Sagebrush Unroasted | Archived

Ethiopia Sidamo Genji Challa Gold Label | Green Coffee Beans | Archived

Recommended Roast Level

City (Light)

Tasting Notes

I have had some good luck finding stand-out washed Ethiopian coffees this year.  I wonder if I like the new one better than the last because I'm sick of the old one, it's starting to seem old to me or the new is actually better.  In this case, let's call it the latter option.  When I tasted this wet-processed bean for the first time I was impressed with the mouthfeel.  It is a very subtle and rich coffee.  We roast it light, because it is so sweet a complexly fruited.  It has a bitterness that we want in coffee that I describe like a peach skin or maybe lime, but I think you'll think of something more bitter than it actually is if I use that descriptor.  It is quite good! 


Roast Level: City (Light)
Processing: Washed (Wet Process)
Region: Africa
Flavor Notes: Honey, Stone Fruit, Peach Skin
Body: Complex, Juicy
Classification: Gold Label
Recommended Brew Methods: Drip, Espresso, Immersion (French Press), Cold Brew
Country Region: Gera, Sidamo
Certification: Direct Trade
Farm: Genji Challa
Producer: Various
Varietal: Grade 1 Heirloom
Altitude: 1900m

Genji Challa Coffee Production:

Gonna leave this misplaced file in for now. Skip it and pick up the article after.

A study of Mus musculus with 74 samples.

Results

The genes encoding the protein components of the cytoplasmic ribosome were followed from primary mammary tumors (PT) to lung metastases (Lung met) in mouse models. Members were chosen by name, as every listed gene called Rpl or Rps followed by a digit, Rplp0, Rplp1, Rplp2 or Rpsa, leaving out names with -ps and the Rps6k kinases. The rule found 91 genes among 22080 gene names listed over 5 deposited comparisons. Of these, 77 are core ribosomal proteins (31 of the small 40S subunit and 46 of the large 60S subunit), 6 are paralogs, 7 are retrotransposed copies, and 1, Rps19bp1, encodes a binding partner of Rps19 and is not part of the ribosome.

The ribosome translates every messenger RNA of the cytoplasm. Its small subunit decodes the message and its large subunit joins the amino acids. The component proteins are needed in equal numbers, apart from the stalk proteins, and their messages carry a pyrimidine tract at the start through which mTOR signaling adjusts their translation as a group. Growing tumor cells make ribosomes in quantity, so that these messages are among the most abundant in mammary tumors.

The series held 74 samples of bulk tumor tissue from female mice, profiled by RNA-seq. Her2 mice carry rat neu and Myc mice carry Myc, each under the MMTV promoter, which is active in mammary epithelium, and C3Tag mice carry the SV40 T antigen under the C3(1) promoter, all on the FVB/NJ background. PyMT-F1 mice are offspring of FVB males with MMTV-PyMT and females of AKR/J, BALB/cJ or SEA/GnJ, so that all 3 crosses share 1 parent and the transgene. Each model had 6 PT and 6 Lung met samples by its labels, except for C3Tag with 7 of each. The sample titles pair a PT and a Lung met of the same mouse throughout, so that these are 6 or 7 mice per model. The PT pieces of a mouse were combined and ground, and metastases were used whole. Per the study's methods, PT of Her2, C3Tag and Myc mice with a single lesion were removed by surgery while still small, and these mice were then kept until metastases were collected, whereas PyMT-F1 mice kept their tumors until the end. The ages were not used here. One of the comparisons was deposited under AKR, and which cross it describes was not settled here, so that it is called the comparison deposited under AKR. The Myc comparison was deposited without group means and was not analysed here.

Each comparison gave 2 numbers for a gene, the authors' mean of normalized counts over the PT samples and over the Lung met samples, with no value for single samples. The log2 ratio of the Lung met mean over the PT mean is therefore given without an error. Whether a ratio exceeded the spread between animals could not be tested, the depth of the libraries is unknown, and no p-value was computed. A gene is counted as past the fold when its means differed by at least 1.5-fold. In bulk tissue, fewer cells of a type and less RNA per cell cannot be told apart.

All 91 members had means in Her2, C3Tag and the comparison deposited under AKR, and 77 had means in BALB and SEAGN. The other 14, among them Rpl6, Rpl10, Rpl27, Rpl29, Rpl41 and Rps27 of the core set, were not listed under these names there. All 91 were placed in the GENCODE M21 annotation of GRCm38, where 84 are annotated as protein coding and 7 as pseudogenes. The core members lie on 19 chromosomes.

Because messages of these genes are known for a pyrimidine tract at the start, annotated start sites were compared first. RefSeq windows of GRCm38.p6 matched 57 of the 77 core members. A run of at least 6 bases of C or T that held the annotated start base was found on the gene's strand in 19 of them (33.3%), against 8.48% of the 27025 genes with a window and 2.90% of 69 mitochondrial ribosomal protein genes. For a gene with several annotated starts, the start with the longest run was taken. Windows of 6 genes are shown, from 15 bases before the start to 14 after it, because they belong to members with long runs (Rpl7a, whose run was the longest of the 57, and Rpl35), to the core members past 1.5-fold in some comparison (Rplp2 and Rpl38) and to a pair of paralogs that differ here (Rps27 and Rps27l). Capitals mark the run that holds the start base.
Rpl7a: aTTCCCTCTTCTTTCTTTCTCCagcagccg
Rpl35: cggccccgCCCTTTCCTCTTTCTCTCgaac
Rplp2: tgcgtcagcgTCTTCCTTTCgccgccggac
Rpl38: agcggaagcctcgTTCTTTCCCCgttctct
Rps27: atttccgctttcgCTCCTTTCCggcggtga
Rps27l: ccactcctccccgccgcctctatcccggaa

Genji Challa is a wet milling site that is part of the Nano Challa Cooperative in Gera town, Agaro. It's only 3km from the Nano Challa site, and between them, their membership has grown from 500 last year to 640 for the 2018 harvest season. Doubling up wet mills allows the coop better serve members by growing their capacity as well as reach. Genji is outfitted with a Penagos 5000 eco pulper, and after the coffee is washed, it is moved to a skin-drying table where it drip-dries for a single day before being moved to raised beds to finish drying over the course of 10 days on average. The typical black netting you see wrapped around the tops of the drying tables are covered with jute bags in order to help keep the surface from absorbing heat while the coffee is drying. Both stations sit at just under 1900 meters, and the farm members have coffee as high as 2000 meters above sea level. The coop was formed as part of an initiative to aid farmers in a more comprehensive way. The program was administered by a non-government organization that not only coordinates agronomists and managers for each of the coops they work with, but also has a business adviser assigned that helps the cooperative manage their debt, re-invest in quality improvements at the mill, and verifies the distribution of income to all members. They've since "graduated" from this program and are now part of an independent, local Union who assist the cooperatives with functions like marketing, exporting, and general representation on an international scale.